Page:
The cleanliness factor
At age 5, the night before my first day of school, I took my own bath. My mom trusted me to get clean everywhere. She knew cleanliness was—and still is—important to me.
When I moved to a nursing home more than 21 years ago, I was told I would get two showers a week and be washed up in between. I frequently felt grungy and itchy after a wash up. On my non-shower days, I really wanted one. Several weeks later, my skin erupted with reddened itchy spots. I was moved to daily showers, and the spots cleared up.
I enjoyed my showers. They relaxed my muscles and relieved my anxiety. But, of necessity, they did not last very long. Since many residents loudly refused to be bathed or showered, I thought the aides would be pleased that I did not need to be coaxed.
Manicures made easy
Here is a trick to get rid of dry skin and overgrown cuticles. At night, rub coconut oil into the hands and cuticles of residents. Gently push back the cuticle around each nail and towel off the excess with a gloved hand. Allow the remaining oil to absorb into skin overnight. The following morning, thoroughly wash residents’ nails underneath and around the cuticles. Blot the nails and cuticle area. Then, gently push the cuticles back around and under the nails. Dead skin under the nails and around the cuticles will be sloughed off without bleeding or soreness.
Aides at previous facilities told me I do nothing to get dirty. While I may not get into mud, I do perspire profusely when I sleep. Aides have commented in the morning about my damp skin and gown. During the day, I sit most of the time and perspire. Being cleaned up every day prevents odor and skin breakdown.
Some aides at my first facility said I was their cleanest resident. A few told me I was cleaner than they were. However, other aides said they themselves enjoyed being clean and would want to be clean if they lived in a facility.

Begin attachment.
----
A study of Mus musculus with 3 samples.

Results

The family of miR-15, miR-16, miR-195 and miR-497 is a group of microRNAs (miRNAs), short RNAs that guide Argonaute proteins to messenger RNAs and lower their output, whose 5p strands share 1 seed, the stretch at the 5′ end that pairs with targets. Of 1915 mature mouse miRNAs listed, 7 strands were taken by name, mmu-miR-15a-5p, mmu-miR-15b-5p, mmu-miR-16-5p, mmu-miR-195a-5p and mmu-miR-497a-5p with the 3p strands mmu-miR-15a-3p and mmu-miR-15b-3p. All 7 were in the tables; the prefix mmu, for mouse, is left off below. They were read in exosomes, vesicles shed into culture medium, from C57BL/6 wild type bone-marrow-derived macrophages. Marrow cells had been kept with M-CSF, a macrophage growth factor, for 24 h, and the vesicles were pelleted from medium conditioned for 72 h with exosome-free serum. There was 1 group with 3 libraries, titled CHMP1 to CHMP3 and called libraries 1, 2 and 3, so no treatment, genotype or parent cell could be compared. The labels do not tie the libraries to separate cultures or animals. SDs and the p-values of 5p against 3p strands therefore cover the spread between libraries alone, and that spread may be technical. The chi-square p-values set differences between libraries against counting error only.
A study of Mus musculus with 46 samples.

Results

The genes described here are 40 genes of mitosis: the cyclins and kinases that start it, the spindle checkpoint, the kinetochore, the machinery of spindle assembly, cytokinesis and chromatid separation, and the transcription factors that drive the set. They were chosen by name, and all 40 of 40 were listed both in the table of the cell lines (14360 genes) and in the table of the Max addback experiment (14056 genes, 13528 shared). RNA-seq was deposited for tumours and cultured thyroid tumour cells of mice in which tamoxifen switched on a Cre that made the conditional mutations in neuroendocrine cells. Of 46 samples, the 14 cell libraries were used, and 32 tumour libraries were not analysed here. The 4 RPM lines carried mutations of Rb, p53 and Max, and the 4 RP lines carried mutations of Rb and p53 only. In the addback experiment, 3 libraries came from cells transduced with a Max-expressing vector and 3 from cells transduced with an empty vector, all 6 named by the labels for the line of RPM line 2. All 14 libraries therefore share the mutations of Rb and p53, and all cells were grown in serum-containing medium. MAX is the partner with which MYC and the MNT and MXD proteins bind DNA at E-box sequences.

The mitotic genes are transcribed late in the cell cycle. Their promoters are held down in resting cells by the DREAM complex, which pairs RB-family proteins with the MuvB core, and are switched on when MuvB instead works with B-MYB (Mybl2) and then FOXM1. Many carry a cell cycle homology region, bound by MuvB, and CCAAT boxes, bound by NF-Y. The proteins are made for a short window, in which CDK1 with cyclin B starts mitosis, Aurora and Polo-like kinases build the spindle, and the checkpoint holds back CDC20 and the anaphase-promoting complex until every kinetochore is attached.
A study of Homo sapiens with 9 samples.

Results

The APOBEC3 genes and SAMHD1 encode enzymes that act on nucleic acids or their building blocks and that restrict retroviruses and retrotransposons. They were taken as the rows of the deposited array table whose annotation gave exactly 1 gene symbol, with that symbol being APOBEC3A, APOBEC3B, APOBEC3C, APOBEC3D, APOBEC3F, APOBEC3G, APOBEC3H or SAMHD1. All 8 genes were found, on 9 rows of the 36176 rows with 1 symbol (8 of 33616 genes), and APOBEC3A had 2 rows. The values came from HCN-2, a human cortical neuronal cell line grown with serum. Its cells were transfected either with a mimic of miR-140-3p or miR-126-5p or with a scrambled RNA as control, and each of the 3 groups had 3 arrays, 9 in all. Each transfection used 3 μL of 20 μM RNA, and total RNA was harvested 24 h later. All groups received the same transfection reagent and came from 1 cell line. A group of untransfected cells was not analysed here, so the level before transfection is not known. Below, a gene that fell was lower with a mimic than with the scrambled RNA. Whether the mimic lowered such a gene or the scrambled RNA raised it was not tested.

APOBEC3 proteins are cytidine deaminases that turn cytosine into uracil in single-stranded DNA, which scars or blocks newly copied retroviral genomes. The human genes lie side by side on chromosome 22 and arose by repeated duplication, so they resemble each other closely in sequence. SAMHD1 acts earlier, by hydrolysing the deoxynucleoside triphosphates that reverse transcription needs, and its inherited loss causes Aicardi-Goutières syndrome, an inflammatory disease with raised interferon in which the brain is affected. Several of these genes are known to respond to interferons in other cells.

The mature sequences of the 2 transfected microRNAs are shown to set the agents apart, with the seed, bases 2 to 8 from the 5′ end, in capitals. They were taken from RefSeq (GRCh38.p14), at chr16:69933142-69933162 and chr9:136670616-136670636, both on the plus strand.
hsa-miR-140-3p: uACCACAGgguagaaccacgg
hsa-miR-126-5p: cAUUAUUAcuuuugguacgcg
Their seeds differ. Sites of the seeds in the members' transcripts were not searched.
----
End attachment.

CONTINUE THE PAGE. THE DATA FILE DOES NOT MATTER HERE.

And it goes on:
I tried to shorten my wash up time by trying rinseless soap. Whether I used rinseless provided by the facility or brands I bought, they left a residue on my skin. I switched to a deodorant body wash that leaves no residue. My skin feels cleaner and needs little rinsing.
Since my late twenties, I have battled with eye infections because psoriasis pores on my head secrete more oil. If my face and eyes are not washed properly, facial blemishes and eye infections can result. To prevent them, my eyes are washed twice a day with baby shampoo. That soothes and cleans my eyes. However, facilities do not always have a tear free body wash that I can use, which is why I try to keep track of the baby shampoo I purchase.
Maybe someday, somebody will develop a wash up product for between showers that will clean, moisturize and hydrate the skin. Maybe it will leave my skin feeling clean and soft, not sticky. Maybe it will even be able to put an end to my flaky winter skin. Until then, I am thankful for showers three times a week and products that leave me feeling clean.
Kathleen Mears is a long-time blogger who has been a nursing home resident for 21 years. She is an incomplete quadriplegic and uses a power wheelchair to get around. Her computer is her “window on the world.” This blog shares her thoughts and view of life as a nursing home resident as well as ideas of how it might be improved in the future.